A world existed in which she was Lady Fionna nic Brath, cultured daughter of Imperial society and niece of His Imperial Wisdom, the Lord mac Brath. That world would hardly recognize the redhead in dusky fatigues carrying a Parhan 172-bore semi-automatic rifle over her shoulder. The jacket she wore would have identified her to them as an anonymous member of Brath House security, the organization which she, in fact, led.
She was still young and attractive. When dressed in civilian clothing, she turned many a head. She still had an honest chance of marrying an aristocrat and returning to the social world… but she liked it here, in the world of grit and adventure. She loved it even on a day like this, when the weather looked as miserable as it could be. She peered out of the tunnel-like entranceway of an Auman transport tower as rain streamed in sheets across the abandoned ruins of an alien city. Behind her, horses and troops nickered and complained, but the walls of the tower were impossibly thick, so the entranceway easily sheltered their entire number.
They didn’t have the luxury of continuing to shelter here, though.
“Meadhbh,” she called over her shoulder. A young half-Gireidil girl, who had been standing with her horse several yards behind, tossed her head in acknowledgment and moved forward.
“Lady Fionna,” the girl greeted her as she approached.
She was slender and light-skinned, at odds with normal Gireid looks, but she had the gray eyes of her Gireidil side. And the hair. A luxurious pile of loosely-braided dark hair, thick enough to incite the deep envy of any Osril woman, lay over her shoulder opposite the rifle she carried. She also had the height, standing a hand taller than Fionna despite her tender age of fifteen.
“Tha’ alien network o’ yours, can it reach Granduncle agin?”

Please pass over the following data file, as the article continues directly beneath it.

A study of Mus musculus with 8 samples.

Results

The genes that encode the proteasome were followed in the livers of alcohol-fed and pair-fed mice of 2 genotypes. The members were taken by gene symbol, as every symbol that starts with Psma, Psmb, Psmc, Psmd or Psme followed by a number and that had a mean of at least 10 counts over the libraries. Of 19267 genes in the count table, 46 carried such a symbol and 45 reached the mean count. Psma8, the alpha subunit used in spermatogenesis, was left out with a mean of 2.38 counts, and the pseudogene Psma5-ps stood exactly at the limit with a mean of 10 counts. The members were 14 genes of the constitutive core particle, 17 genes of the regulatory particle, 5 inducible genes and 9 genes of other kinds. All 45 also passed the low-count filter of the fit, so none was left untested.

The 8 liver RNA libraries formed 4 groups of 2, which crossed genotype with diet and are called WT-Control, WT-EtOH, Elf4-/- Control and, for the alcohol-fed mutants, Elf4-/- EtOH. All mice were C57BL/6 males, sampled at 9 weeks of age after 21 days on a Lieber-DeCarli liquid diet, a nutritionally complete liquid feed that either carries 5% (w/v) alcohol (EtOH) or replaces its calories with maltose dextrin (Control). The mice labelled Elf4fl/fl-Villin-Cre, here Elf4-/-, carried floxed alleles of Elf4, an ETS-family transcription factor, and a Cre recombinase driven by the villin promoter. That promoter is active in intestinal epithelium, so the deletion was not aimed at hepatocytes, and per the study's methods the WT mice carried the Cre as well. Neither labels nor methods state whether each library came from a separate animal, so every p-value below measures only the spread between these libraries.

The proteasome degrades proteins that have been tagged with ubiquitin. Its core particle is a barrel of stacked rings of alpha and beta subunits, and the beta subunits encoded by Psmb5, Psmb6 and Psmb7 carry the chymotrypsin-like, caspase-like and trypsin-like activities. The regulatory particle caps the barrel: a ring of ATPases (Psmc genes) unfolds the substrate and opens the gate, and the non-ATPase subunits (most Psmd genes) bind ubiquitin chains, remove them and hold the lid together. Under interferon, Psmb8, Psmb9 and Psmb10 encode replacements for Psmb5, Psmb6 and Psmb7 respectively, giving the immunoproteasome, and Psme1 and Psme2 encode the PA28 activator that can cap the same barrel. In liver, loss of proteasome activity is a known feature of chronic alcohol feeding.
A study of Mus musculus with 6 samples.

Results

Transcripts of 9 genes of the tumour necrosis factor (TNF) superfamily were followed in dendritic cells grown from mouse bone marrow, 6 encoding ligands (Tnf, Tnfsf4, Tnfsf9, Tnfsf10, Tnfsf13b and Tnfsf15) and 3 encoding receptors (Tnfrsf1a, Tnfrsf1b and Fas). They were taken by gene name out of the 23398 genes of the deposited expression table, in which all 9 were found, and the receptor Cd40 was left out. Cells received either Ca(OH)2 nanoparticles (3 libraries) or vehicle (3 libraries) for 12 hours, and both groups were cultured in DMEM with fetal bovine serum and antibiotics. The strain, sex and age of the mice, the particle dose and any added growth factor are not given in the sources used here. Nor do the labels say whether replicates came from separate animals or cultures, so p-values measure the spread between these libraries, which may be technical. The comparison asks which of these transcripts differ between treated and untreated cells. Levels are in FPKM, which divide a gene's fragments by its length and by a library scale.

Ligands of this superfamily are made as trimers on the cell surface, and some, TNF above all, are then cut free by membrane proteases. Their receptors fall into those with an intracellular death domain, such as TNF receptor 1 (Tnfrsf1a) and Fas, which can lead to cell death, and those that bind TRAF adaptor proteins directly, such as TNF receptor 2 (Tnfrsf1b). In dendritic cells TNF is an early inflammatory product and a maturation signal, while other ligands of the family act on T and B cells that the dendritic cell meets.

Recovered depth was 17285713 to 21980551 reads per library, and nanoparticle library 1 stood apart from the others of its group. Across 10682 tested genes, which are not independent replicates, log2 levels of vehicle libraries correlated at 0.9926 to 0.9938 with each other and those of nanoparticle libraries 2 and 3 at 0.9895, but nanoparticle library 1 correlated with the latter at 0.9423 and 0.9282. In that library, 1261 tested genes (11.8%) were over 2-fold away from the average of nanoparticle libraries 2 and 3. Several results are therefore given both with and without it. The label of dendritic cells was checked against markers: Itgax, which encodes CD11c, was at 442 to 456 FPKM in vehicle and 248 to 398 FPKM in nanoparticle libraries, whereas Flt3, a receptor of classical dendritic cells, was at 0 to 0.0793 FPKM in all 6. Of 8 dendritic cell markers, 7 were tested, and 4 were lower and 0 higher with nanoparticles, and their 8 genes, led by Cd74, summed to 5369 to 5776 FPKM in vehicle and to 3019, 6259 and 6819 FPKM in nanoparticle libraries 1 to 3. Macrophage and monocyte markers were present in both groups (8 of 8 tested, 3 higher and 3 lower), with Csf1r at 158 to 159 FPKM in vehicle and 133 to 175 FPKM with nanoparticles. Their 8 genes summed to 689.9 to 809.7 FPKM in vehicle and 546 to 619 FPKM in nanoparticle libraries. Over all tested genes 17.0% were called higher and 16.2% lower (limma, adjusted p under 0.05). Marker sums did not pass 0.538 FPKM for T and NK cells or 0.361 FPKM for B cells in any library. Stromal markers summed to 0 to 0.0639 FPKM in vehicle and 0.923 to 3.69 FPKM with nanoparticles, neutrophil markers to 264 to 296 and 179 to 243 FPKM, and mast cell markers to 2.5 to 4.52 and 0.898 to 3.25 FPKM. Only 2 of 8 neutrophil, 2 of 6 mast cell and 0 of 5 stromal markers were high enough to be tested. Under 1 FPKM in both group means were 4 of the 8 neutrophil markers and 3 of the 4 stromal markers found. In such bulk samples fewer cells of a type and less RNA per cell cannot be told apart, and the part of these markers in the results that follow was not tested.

“I attempted once we arrived, Lady Fionna. I have no reception here. It seems the local environment is heavily jammed.”
Fionna sighed and pursed her lips. It would have been nice to send an acknowledgement to the man that had summoned them, to tell him that they were now in-world.
“Once we’re movin’, we’ll hae ye keep tryin’ ’til ye ge’ thru.”
“Of course, m’lady.”
Captain Koursh, a grizzled veteran, Caucasian like Fionna but older and with a mane of pure white that was braided in the same manner as Meadhbh’s hair, had joined them. He spoke up now, in good English but with a thick, harsh accent that she often had to concentrate to understand.
“So we will be traveling in this weather?” he asked.
“Would be better we kenned whether Granduncle were movin’,” she admitted. “As it is, we cannae assume he’s stayin’ put. We best be on our way.”
“Lord Brath is on foot though. Hard going in weather like this, with a prisoner.”
“Captain, you ought call Granduncle ‘Rogan’. ‘Sir Rogan’ at most. He hates bein’ called ‘Lord’.”
Koursh made no reply to that, other than a disapproving scowl. Instead, he turned to the rest. “Rain ponchos. Seal your bags and put condoms over your rifle muzzles. We’ll be taking a shower, today.”
Koursh’s company were all Orosjoese, but he had brought only ones who spoke English on this mission. If Koursh had brought his whole mercenary company rather than a selection of first-rate veterans, he would have switched to Orosjoese, a language she did not speak, despite it being her grandmother’s native tongue.
She smiled at some of the comments in that language that came back. She may not know the tongue, but her navy-veteran grandmother often used words that she had recognized just now. Sailor speech was the same no matter what the language.